Synopses & Reviews
“We all set our sights on the Great American Novel. . . . [Thomas Maltman] comes impressively close to laying his hands on the grail.”—Madison Smartt Bell, The Boston Globe
“Maltman’s prose and pacing flow from an expert hand. . . . His gaze is unflinching and balanced. . . . And while there is much loss in the novel, in the end there is salvation.”—Robin Vidimos, Denver Post
“Maltman’s writing is most lucid when he explores the German folklore, Dakota mysticism, and pioneer spirituality that shape his characters’ understanding of their own harsh world.”—Entertainment Weekly
“Thomas Maltman’s debut novel, The Night Birds, soars and sings like a feathered angel.”—Chicago Sun-Times
“[Maltman] excels at giving even his most harrowing scenes an understated realism and at painting characters who are richly, sometimes disturbingly human. The novel sustains its tension right to the moment it ends.”—Publishers Weekly (starred)
“[A] flawless sense of history marked by its most revealing—and harrowing—details.”—Booklist
The intertwining story of three generations of German immigrants to the Midwest—their clashes with slaveholders, the Dakota uprising and its aftermath—is seen through the eyes of young Asa Senger, named for an uncle killed by an Indian friend. It is the unexpected appearance of Asa’s aunt Hazel, institutionalized since shortly after the mass hangings of thirty-eight Dakota warriors in Mankato in 1862, that reveals to him that the past is as close as his own heartbeat.
Thomas Maltman lives in Manitowoc, Wisconsin. This is his first novel.
From the Trade Paperback edition.
"'Set in the 1860s and '70s, Maltman's superb debut evokes a Midwest lacerated by clashes between European and Native American, slaveowner and abolitionist, killer and healer, nature and culture. Asa Senger, a lonely 14-year-old boy, is at first wary when his father's sister, Hazel, arrives at his parents' Minnesota home after a long stay in a faraway asylum, but he comes to cherish the mysterious Hazel's warmth and company. Through her stories, Asa learns of his family's bitter past: the lore and dreams of their German forebears, their place in the bitter divide over slavery and, most complex of all, the bond between Hazel and the Dakotan warrior Wanikiya that deepens despite the violence between their peoples. Maltman excels at giving even his most harrowing scenes an understated realism and at painting characters who are richly, sometimes disturbingly, human. The novel sustains its tension right to the moment it ends with an adult Asa at peace with his own complicated heritage a tentative redemption that, the book's events as well as our own world's disorders suggest, is the best for which the human heart can hope.' Publishers Weekly (Starred Review) (Copyright Reed Business Information, Inc.)"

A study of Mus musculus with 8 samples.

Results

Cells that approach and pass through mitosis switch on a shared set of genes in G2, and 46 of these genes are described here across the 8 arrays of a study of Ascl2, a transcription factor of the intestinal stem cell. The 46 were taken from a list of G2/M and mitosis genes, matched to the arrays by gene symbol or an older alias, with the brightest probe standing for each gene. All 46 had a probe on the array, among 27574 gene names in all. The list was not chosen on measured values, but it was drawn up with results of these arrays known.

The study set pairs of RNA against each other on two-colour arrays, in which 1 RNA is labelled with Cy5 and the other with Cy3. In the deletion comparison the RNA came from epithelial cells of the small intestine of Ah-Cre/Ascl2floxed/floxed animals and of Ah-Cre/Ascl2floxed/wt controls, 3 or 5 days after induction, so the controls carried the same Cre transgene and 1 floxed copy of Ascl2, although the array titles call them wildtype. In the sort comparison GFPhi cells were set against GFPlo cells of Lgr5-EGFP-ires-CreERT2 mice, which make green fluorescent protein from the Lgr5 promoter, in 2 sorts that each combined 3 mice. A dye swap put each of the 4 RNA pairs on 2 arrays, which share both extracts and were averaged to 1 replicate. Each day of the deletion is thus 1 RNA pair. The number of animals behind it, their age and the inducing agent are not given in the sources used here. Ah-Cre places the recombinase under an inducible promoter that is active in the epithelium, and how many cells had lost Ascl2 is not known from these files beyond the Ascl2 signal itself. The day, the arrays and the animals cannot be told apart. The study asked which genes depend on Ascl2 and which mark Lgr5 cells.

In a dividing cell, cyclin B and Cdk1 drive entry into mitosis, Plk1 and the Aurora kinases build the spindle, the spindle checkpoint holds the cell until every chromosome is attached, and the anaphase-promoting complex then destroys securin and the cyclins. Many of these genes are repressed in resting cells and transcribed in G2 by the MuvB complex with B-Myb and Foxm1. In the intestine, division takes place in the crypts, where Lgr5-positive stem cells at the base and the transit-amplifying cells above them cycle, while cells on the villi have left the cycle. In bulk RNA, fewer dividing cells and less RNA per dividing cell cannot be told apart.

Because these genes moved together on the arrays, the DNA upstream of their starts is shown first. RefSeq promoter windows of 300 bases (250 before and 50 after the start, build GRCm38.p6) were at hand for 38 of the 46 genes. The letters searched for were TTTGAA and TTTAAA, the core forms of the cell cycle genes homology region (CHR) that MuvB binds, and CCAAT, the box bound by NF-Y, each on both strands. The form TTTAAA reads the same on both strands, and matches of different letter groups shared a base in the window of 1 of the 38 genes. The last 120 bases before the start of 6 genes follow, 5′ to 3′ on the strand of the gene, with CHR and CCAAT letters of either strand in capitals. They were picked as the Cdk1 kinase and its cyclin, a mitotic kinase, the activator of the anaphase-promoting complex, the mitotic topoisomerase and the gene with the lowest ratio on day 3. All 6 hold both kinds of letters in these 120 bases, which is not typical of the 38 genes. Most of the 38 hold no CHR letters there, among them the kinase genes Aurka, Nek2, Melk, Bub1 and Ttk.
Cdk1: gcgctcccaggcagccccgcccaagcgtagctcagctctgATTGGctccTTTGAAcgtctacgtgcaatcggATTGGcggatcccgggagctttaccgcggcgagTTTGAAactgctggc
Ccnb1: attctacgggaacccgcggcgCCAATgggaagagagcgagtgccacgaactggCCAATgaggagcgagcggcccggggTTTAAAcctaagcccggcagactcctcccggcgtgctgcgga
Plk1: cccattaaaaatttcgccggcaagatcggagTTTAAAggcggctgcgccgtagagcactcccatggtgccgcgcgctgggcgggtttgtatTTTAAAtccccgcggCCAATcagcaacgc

The summer of 1876 feels like the end of the world to fourteen-year-old Asa Senger. Locusts plague the prairie farms; his family is about to lose everything. The Dakota Indians have been banished from Minnesota, yet an aged Indian appears. His father, the sheriff, jails him, counting on a bounty payment, but Asa is somehow compelled to free the old man, and must bear this guilt. The James-Younger gang, preparing to rob Northfield, stops at their farmhouse. What has propelled them
into his life?
In this time of fear, another mysterious visitor appears, an aunt who has been confined to an asylum for years. His mother wants nothing to do with her; his father welcomes her. Asa learns that his identity is bound up in a lost history, The Great Sioux Uprising, which everyone else wants to forget. Prefigured by the twin ravens Hunin and Munin-Memory and Understanding-from his dead grandfather's treasured Grimm's fairy tales, Asa learns that the past is as close as his own heartbeat. Without understanding that past he can neither know who he is, nor who he may become.
Thomas Maltmanhas published essays, poetry, and fiction. He teaches at Silver Lake College in Manitowoc, Wisconsin. This is his first novel.
Prefigured by the twin ravens Hunin and Munin--Memory and Understanding--14-year-old Asa Senger learns that the past is as close as his own heartbeat. Without understanding that past he can neither know who he is, nor who he may become.
About the Author
Thomas Maltman's essays, poetry, and fiction have recently been published in Georgetown Review, Great River Review, and Main Channel Voices, among other journals. He has a BA from Eastern Washington University and an MFA from Minnesota State University and currently teaches creative writing and literature at Silver Lake College in Manitowoc, Wisconsin. The Night Birds is his first novel.